P.E.I. businesses eager for region's first cruise ship since 2019

For the first time since the fall of 2019, a cruise ship is docking in Charlottetown Friday — a welcome sight for businesses that depend on passengers spending money on the Island. 

First of 74 ships expected this season in Charlottetown docks this morning

The cruise ship Viking Octantis sailing into Charlottetown Harbour Friday morning. (Shane Hennessey/CBC)

For the first time since the fall of 2019, a cruise ship is docking in Charlottetown Friday — a welcome sight for businesses that depend on passengers spending money on the Island. 

"We took a big hit.... So I'm completely exhilarated, and excited, and looking forward to this season," said Nessya Neemron, who runs Nessya's Gems and Jewels' from a kiosk inside the Port Charlottetown terminal. 

Nearly 400 passengers are expected in Charlottetown Friday, aboard the Viking Octantis. It's the first of 74 cruise ships expected in the P.E.I. capital in 2022. 

"It's lower than 2019 numbers, but I think it's a great restart," said Mike Cochrane, the CEO of Port Charlottetown. 

Cochrane estimates the two cruise ship seasons lost to the COVID-19 pandemic robbed the Island economy of more than $80 million and "a lot of jobs."

Julia Campbell, co-owner of the Anne of Green Gables Store, prepares to welcome cruise ship passengers into the shop for the first time in two and a half years. (Steve Bruce/CBC)

Julia Campbell, co-owner of the Anne of Green Gables Store, saw it first hand. 

The store typically opens in late April or early May, and depends on cruise ships for 70-80 per cent of its spring and fall sales. 

Bringing back staff

The last two years, the store held off opening until July. 

"We've only been able to employ, not even half our staff," said Campbell, who's opening the store Friday.  "What I'm most excited about this year is that we're able to bring back employment of 50-60 people, which for us is huge, to be able to provide that support for staff."

Though it's unclear just how many passengers will be aboard the 74 cruise ships docking in Charlottetown.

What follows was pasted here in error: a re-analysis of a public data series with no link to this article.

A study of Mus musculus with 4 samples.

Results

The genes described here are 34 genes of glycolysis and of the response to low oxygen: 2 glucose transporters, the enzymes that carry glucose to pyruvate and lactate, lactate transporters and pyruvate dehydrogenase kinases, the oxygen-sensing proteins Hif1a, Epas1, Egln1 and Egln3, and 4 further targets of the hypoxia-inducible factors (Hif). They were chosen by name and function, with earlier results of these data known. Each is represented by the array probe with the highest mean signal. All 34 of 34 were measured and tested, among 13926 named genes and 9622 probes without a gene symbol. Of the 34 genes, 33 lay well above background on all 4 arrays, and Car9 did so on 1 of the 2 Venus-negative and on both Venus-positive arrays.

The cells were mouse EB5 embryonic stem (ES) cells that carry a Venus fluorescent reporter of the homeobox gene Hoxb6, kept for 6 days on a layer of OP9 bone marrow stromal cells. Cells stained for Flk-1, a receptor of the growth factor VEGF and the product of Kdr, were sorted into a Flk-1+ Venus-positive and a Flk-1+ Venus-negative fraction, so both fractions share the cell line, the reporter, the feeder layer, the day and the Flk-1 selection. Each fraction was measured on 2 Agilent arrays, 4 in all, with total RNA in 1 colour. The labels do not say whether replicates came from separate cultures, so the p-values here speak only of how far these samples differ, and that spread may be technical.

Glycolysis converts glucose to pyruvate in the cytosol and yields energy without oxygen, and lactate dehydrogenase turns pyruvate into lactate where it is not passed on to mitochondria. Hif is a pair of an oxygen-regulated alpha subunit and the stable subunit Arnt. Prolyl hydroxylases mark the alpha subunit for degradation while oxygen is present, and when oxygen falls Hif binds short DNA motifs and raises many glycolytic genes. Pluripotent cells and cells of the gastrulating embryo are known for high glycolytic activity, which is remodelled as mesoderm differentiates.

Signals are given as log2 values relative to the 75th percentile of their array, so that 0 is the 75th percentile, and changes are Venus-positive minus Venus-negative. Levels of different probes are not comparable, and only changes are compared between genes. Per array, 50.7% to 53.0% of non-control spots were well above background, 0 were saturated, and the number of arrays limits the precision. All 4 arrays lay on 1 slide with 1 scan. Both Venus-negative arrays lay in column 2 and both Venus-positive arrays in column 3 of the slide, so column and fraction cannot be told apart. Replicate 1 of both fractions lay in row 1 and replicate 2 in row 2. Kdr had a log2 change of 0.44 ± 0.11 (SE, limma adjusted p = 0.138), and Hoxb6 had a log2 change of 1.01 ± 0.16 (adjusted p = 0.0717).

The industry hasn't fully recovered from the early days of the pandemic, when several ships faced major COVID-19 outbreaks that grabbed news headlines. 

Cochrane maintains the industry's "really stepped up" to ensure its ships are safe, and the risk to passengers and the ships' destinations is low. 

Nessya Neemron runs Nessya's Gems and Jewels from the Port Charlottetown terminal. She said her business has taken a "big hit" over the past two years. (Steve Bruce/CBC)

Under Transport Canada regulations, crew and passengers have to be fully vaccinated and undergo testing prior to boarding. Cruise ship companies have also put their own measures in place. 

'Floating hospitals' 

"They've really stepped up and put the processes and procedures in place to try to mitigate any risk right now from vaccination requirements to, you know, more doctors on ships, more nurses on ships," said Cochrane.

Mike Cochrane, CEO of Port Charlottetown, estimates P.E.I.'s economy missed out on more than $80 million, with no cruise ships docked in the city over the past two seasons. (Steve Bruce/CBC)

"They have floating hospitals now, for the most part, to to handle any isolation or quarantine, and it's a controlled environment."

Neemron said she's not expecting a record year for her jewlery sales at the Port Charlottetown terminal.

"We don't know how many people are going to be filling the ships. But I'm just happy to be here. I'm hopeful it's going to be a decent year.  I don't think it'll be like past years, where it was really amazing.  But I know it's going to be a good year," she said.